Evaluation of Three Proposed Markers for Language Impairment in English: A Meta-Analysis of Diagnostic Accuracy Studies Purpose The goal of the study was to determine to what extent 3 proposed markers of language impairment (LI) in English (verb tense, nonword repetition, and sentence repetition) accurately distinguish affected and unaffected English-speaking individuals. Method Electronic databases were searched for diagnostic accuracy studies involving the 3 markers. ... Review Article
Review Article  |   December 01, 2014
Evaluation of Three Proposed Markers for Language Impairment in English: A Meta-Analysis of Diagnostic Accuracy Studies
 
Author Affiliations & Notes
  • Monika Pawłowska
    The Richard Stockton College of New Jersey, Galloway
  • Disclosure: The author has declared that no competing interests existed at the time of publication.
    Disclosure: The author has declared that no competing interests existed at the time of publication.×
  • Correspondence to Monika Pawłowska: monika.pawlowska@stockton.edu
  • Editor: Rhea Paul
    Editor: Rhea Paul×
  • Associate Editor: Elizabeth Kay-Raining Bird
    Associate Editor: Elizabeth Kay-Raining Bird×
Article Information
Research Issues, Methods & Evidence-Based Practice / Language Disorders / Language / Review Article
Review Article   |   December 01, 2014
Evaluation of Three Proposed Markers for Language Impairment in English: A Meta-Analysis of Diagnostic Accuracy Studies
Journal of Speech, Language, and Hearing Research, December 2014, Vol. 57, 2261-2273. doi:10.1044/2014_JSLHR-L-13-0189
History: Received July 17, 2013 , Revised January 5, 2014 , Accepted August 25, 2014
 
Journal of Speech, Language, and Hearing Research, December 2014, Vol. 57, 2261-2273. doi:10.1044/2014_JSLHR-L-13-0189
History: Received July 17, 2013; Revised January 5, 2014; Accepted August 25, 2014
Web of Science® Times Cited: 4

Purpose The goal of the study was to determine to what extent 3 proposed markers of language impairment (LI) in English (verb tense, nonword repetition, and sentence repetition) accurately distinguish affected and unaffected English-speaking individuals.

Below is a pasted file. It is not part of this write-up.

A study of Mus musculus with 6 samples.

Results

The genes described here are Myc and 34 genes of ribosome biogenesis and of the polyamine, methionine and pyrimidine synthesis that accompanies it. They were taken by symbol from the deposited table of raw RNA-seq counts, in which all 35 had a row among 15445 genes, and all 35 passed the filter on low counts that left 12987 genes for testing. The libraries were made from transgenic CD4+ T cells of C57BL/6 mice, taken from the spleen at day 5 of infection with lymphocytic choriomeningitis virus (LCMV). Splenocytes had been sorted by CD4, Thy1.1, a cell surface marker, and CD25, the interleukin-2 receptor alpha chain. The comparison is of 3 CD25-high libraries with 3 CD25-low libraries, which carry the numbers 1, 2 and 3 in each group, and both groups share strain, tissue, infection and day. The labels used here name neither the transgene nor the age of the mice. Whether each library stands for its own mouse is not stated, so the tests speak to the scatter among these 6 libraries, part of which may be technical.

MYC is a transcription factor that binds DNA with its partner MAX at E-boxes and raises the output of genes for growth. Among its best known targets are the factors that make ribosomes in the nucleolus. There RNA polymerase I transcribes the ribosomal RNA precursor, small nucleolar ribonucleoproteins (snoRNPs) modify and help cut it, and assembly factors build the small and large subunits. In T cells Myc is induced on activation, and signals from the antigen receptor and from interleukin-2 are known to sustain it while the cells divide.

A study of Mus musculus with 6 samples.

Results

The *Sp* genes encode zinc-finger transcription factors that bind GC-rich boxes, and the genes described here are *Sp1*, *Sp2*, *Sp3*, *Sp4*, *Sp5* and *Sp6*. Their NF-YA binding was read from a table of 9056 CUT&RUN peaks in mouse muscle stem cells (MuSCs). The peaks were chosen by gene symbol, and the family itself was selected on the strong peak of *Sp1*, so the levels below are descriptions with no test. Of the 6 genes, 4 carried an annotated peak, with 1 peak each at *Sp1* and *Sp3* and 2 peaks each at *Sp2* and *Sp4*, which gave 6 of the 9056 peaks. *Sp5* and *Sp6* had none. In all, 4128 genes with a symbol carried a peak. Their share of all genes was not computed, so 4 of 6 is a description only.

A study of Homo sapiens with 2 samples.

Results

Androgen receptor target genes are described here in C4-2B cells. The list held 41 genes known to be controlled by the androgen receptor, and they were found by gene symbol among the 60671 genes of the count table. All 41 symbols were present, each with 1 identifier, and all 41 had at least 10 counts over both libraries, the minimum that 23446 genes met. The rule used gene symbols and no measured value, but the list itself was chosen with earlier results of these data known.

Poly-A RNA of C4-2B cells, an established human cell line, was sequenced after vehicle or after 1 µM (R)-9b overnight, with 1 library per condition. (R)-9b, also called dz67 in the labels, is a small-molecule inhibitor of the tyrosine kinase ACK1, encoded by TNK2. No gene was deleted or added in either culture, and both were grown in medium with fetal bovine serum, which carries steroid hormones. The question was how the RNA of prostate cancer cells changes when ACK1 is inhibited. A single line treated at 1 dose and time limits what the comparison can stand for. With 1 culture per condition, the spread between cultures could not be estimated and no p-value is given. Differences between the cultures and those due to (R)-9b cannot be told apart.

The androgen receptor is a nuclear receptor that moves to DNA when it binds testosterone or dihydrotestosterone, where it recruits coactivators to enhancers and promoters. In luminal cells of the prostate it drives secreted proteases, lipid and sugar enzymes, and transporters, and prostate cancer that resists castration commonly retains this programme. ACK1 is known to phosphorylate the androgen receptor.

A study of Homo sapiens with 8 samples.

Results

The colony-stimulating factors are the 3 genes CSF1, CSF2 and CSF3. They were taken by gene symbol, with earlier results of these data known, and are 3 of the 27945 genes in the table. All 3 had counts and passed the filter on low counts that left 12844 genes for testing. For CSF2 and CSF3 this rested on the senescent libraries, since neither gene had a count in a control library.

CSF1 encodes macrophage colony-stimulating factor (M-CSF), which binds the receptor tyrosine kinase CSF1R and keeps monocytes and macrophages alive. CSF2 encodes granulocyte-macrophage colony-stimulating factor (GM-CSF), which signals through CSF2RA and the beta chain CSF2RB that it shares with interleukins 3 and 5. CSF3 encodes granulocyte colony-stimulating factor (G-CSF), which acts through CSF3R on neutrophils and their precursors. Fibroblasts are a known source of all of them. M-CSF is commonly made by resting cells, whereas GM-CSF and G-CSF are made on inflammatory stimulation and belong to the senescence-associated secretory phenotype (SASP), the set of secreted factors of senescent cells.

Method Electronic databases were searched for diagnostic accuracy studies involving the 3 markers. Quality of relevant studies was described. Numbers of true and false positives and negatives were extracted and used to calculate likelihood ratios (LRs).

Results Thirteen studies met the selection criteria. The majority were based on clinically ascertained samples. Pooled LRs and 95% confidence intervals (CIs) for tense (LR+) and sentence repetition (LR+ and LR−) were suggestive of presence (LR+) or absence (LR−) of LI. Wide CIs around the value of inconsistency I2 index reduced reliability of pooled values for sentence repetition. High between-study heterogeneity precluded pooling of LR values for tense (LR−) and nonword repetition (LR+ and LR−).

Conclusion The limited evidence available suggests that the proposed markers may be at best suggestive of LI in English. Future research may refine existing marker tasks to increase their accuracy and test the most promising tasks in unselected samples of participants with and without LI.

Acknowledgments
Lindsay Anderson and Brynna Trowbridge assisted with database searches and ratings of study quality. Partial reports were presented at the SLI (Specific Language Impairment) Diagnosis, Prognosis, Intervention conference in Warsaw, Poland, in July 2012, and at the American Speech-Language-Hearing Association Convention in Chicago, IL, in November 2013.